Samuelson Highlights Fundamental Flaws of GBS
One of the leading voices and informed advocates for the public interest in the GBS debate, UC Berkeley law professor Pamela Samuelson, has just published “Google Book Search and the Future of Books in Cyberspace.”
In the piece, she covers the landscape of the current proposed settlement debate and articulately describes the fundamental flaws of the settlement – walking through the “nightmares” that the GBS poses for publishers, library and academic researchers, professional authors, and readers.
The paper also details the legal flaws with the deal, including its monopolistic results:
“…Google will have a de facto exclusive license to commercialize all out-of-print books through the class action settlement; no one else can realistically expect to obtain a comparably broad license to make out-of-print books available in the current legal environment (e.g., in the absence of orphan works legislation that would allow others to scan such books.”
Plus it includes insightful analysis on how this deal fits into Google’s larger business strategy of leveraging its market dominance in search:
“The GBS database is just that: a vast resource of additional data that Google can use to refine its search technologies and further entrench its market dominance in the search market. Yahoo! regards Google’s data advantage from GBS to be unfair because Google would be obtaining its de facto exclusive license to GBS books through a misuse of the class action procedure.”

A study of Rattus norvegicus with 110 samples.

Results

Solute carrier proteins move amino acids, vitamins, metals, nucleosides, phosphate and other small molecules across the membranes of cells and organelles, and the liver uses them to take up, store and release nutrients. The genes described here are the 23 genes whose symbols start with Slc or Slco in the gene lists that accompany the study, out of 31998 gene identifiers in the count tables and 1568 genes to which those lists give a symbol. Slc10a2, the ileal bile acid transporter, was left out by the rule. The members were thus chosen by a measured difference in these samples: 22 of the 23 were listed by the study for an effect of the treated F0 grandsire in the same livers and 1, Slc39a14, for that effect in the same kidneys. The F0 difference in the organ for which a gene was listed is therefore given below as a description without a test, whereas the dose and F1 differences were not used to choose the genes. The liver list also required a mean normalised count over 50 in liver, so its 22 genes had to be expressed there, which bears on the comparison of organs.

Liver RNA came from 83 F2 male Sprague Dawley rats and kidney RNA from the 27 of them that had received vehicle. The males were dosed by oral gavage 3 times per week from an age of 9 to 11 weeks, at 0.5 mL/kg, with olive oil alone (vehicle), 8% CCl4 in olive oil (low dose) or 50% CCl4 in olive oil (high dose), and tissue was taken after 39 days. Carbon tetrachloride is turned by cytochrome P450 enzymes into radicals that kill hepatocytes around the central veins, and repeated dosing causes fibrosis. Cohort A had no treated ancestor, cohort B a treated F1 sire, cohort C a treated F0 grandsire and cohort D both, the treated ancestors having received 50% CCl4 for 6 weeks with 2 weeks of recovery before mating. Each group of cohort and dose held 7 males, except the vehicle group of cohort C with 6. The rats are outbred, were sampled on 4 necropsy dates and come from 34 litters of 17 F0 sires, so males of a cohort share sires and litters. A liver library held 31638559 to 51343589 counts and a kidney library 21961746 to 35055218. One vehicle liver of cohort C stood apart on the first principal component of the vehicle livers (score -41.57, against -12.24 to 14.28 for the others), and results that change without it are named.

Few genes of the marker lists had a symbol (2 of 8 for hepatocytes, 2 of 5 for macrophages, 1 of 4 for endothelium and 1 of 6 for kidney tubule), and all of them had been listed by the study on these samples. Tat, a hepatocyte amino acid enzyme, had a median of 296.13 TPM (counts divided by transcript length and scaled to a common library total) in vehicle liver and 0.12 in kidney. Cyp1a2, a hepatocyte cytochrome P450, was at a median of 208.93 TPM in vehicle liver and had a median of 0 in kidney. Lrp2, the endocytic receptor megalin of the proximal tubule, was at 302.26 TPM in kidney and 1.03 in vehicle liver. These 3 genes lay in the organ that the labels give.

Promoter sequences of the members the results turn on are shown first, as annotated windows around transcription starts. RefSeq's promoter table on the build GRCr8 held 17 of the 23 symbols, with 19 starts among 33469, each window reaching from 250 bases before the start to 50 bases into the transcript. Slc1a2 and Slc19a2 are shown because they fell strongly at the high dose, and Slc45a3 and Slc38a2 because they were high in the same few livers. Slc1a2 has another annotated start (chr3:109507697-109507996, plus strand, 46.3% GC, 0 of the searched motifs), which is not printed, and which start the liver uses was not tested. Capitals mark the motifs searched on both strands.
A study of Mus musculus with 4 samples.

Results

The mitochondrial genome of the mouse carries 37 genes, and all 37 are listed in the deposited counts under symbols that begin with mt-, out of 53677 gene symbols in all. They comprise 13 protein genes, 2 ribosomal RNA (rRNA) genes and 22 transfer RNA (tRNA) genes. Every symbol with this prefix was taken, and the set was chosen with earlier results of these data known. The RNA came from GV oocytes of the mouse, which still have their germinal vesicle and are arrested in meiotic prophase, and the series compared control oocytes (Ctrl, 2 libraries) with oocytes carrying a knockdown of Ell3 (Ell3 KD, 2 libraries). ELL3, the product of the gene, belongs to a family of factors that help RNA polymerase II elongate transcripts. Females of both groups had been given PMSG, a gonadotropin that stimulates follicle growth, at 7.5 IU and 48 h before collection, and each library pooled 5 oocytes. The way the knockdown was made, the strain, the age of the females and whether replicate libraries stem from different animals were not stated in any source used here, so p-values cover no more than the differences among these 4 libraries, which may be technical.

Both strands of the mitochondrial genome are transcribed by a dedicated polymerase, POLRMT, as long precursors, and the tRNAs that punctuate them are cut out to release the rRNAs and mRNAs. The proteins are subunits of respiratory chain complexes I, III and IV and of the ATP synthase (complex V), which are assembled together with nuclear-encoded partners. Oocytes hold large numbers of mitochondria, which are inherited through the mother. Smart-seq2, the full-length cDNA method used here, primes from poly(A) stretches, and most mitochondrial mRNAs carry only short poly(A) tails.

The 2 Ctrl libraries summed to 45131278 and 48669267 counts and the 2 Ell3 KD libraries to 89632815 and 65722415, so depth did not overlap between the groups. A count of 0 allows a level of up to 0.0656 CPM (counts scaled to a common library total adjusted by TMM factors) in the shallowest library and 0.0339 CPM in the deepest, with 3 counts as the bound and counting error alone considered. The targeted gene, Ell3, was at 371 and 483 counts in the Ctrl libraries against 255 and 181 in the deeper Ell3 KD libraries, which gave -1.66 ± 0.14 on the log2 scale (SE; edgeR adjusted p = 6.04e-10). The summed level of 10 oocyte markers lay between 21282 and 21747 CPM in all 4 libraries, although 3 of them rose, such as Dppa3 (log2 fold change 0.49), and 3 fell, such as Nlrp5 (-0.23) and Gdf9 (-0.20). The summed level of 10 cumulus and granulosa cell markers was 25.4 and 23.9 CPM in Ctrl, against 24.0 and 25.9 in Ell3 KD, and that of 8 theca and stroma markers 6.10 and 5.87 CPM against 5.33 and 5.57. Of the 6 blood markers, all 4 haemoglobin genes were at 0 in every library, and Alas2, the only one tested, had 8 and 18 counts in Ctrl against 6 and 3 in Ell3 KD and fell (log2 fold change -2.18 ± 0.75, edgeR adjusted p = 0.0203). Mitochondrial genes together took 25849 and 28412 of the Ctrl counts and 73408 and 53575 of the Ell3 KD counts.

“No other profitmaking firm will have access to GBS or a comparable database of books to make nondisplay uses that would enable them to make competing translation tools.”
Prof. Samuelson, like many stakeholders, views a public guardian alternative to be a preferred approach that will protect the public interest rather than the private commercial interests of a few:
“It would be socially desirable for there to be a digital corpus of twenty or so million books from major research libraries that would be available through institutional subscriptions at reasonable prices, which would be run by a consortium of nonprofit educational institutions, not by Google or any other for profit firm. This proposal would be desirable regardless of whether the GBS settlement is approved or disapproved. … Development of this corpus should be publicly funded—a kind of Human Genome Project-like initiative—and implemented by the major research libraries themselves working in cooperation with one another.”
We support and echo the views of the U.S. Department of Justice and advocates like Professor Samuelson that have dedicated so much passion and energy to telling the truth about the vast negative consequences of the settlement being approved.